Elderberry, or black elderberry, is a species of the genus Sambucus, a large shrub native to Europe, Africa, and Asia. However, it has spread to most parts of the United States and is cultivated across the world.
Evidence suggests elderberry could possibly help shorten the duration of the flu.
In fact, many studies show great results in reducing both the severity and duration of flu symptoms when elderberry products are used within 48 hours of flu symptoms first appearing. However, care must be taken when consuming raw, unprocessed elderberry as its seeds, leaves, bark, and unripe or raw fruit could be potentially toxic as they contain a cyanide-producing chemical called sambunigrin.
This article takes a closer look at the effectiveness of elderberry in relieving flu symptoms and why you should take precaution when preparing it at home.
A Quick Overview
Black elderberry is commonly referred to as European elderberry or as its scientific name, Sambucus nigra. Historically, cultures around the world have used elderberry to treat a number of conditions that range from cough, inflammation, and pain to respiratory problems like cold and flu-like symptoms. Nonetheless, it is only recently that it has gained a widespread attention in the scientific community as a supportive treatment for flu.
It is marketed as a dietary supplement and is available in the following dosage forms:
Manufacturers claim that elderberry products can boost immunity and often combine it with vitamin C and zinc.
What Science Says
A number of studies suggest elderberry has a potentially beneficial role in preventing the flu or at least curbing the disease duration. But a conclusive result regarding the beneficial role, especially when it is used alone and not in combination with other products or medicines, is still not validated by high-quality studies in human.
Perhaps the most important piece of evidence backing elderberry is that it is known to possess antiviral and antibacterial properties. Studies show that elderberry can increase production of variety of cytokines including interleukins and tumor necrosis factor, two important modulators of our immune system. It also seems to prevent viral (e.g. flu virus) attachment to our cells.
- One study reports on three clinical trials between 1995 and 2013 that studied the efficacy of two different elderberry preparations. All those trials found elderberry effective against the influenza virus. However, only 77 people received tretment in the study and the authors concluded that while the results were promising, the safety and efficacy of elderberry preparations in a large population was unclear.
- A 2016 study found that elderberry juice with other substances like zinc, vitamin C, and others showed antiviral activity against the flu virus H1N1.
- A 2017 study suggests while the extracts can have antiviral and antimicrobial properties, a lack of a direct comparison between elderberry supplements and standard antiviral medications limits the use of such products.
- One randomized, double-blind, placebo-controlled study looked at the effect of elderberry syrup on sixty patients (aged 18-54 years) who were suffering from influenza-like symptoms for 48 h or less when they enrolled in the study. It found that those taking elderberry syrup achieved relief from the symptoms on average 4 days earlier than those who received placebo. Interestingly, the elderberry group also reported reduced use of rescue medication. These study results are promising, nonetheless, since it was conducted in 1999-2000, we would surely love to have more recent studies to further support the results.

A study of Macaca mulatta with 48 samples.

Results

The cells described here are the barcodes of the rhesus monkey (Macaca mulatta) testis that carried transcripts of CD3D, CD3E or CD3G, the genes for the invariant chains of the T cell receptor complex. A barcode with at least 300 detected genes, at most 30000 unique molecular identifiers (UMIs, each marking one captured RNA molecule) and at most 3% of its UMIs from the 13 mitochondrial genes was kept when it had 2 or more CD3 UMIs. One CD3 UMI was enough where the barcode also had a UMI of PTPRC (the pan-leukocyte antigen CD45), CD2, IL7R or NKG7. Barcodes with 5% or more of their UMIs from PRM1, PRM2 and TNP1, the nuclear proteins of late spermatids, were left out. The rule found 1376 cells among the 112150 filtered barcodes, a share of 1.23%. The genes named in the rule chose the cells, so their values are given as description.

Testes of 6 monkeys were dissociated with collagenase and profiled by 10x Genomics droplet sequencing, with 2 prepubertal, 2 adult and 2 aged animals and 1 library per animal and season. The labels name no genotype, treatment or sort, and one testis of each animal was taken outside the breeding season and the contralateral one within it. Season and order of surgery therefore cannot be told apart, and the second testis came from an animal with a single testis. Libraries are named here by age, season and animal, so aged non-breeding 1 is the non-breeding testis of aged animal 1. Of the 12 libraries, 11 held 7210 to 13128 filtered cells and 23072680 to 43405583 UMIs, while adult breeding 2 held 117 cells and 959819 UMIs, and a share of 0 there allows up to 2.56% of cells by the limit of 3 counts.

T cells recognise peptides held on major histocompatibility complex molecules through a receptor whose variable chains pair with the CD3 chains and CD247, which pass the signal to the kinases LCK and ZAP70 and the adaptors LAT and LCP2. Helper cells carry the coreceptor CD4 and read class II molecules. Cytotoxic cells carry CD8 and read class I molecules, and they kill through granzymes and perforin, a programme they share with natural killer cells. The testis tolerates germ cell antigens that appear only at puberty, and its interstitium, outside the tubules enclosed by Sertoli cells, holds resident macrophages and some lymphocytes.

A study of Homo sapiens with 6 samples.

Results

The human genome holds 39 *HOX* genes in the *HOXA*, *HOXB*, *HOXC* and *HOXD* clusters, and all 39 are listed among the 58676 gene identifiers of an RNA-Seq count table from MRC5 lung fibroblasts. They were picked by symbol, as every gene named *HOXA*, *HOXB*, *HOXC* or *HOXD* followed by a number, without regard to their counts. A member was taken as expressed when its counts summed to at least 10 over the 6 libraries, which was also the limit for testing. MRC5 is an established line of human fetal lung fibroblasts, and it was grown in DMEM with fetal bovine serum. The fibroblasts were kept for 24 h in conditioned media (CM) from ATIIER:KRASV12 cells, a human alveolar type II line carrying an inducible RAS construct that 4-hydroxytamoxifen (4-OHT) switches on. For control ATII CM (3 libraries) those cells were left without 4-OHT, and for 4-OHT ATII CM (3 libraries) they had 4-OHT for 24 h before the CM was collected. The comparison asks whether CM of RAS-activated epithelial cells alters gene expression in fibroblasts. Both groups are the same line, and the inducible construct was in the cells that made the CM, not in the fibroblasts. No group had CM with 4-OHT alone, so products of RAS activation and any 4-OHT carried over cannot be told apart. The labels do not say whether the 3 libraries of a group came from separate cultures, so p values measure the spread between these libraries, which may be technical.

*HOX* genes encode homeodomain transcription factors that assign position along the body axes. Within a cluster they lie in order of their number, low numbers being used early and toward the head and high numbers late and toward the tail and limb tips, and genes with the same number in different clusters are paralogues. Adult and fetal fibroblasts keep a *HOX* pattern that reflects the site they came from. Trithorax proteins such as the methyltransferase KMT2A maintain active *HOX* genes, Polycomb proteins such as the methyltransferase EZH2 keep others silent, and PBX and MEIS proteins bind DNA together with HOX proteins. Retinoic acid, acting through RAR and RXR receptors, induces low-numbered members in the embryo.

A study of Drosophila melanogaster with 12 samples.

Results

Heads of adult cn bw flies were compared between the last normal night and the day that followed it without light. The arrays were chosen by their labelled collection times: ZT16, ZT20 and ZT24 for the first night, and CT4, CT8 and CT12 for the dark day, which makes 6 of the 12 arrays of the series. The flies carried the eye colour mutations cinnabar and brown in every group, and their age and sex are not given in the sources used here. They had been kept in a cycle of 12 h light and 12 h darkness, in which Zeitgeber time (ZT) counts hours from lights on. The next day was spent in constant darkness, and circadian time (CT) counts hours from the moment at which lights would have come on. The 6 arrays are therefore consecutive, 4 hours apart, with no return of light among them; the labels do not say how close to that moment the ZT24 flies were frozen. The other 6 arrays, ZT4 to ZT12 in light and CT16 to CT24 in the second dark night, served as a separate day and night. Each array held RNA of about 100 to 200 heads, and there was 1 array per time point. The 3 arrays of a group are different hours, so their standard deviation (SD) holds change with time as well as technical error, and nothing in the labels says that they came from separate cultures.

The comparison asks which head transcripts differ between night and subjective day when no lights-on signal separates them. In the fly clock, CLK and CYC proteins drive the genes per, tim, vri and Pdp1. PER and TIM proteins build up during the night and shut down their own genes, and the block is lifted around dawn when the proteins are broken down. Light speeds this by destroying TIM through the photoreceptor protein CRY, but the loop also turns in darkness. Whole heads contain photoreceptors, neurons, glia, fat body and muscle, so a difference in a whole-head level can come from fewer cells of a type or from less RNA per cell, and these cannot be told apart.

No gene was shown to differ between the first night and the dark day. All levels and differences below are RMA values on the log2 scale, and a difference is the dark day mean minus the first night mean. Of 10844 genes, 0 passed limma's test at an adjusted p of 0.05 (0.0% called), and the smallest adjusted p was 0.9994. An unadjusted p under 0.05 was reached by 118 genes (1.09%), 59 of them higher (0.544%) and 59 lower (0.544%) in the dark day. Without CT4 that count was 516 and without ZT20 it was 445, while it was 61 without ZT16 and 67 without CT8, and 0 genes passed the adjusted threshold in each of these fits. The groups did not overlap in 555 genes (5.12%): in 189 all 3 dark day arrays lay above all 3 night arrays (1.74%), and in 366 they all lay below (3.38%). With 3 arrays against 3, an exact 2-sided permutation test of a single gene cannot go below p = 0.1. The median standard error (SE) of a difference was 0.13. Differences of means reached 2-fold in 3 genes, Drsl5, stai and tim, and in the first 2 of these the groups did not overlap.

- Lastly, one study showed that a particular elderberry fruit extract product, manufactured by Nature's Way (Sambucol), shortened the duration of flu symptoms by more than 50% and reduced the severity of symptoms such as muscle aches and fever when given for 3 days.
An important note regarding most available studies that looked at elderberry treatment for the flu is the amount of elderberry used. A concentrated juice might be able to curb or prevent viral infection and activate host immune system. However, the amounts contained in supplements may be nowhere near the amounts used in studies. Some studies reported using doses of up to 22 grams of elderberry per day!
Safety of Elderberry
The US FDA recognizes elderberry and its products safe for the intended use. But you should keep in mind that the unripe or raw fruit contains potentially toxic substance sambunigrin which can produce cyanogen inside the body.
Moreover, fruit seeds may also contain a small amount of cyanide. The good news, because cyanide is volatile, you can get rid of these toxic substances by heating or cooking the berries or juice. Fortunately, products that you can purcahse over the counter have been manufacuterd or processed in a way that makes them safe to take. If you are not purchasing a dietary supplement of elderberry at the store however, and want to cook or process elderberry at home, it is imperative that it is prepared properly.
One study concludes that elderberries and flowers collected at the foothill are suitable for moderate consumption as they generally contain the lowest levels of the cyanogen-producing chemical.
- Elderberry is also referred to as Sambucus nigra and it available in many dosage forms as a dietary supplement to reduce the duration of flu symptoms.
- Studies have shown promising results for both reducing the severity of symptoms and the duration of both the cold and flu.
- While elderberry dietary supplements are generally regocinzed as safe but the FDA, raw, uncooked elderberry may be toxic and needs to be processed appropriately for safe consumption.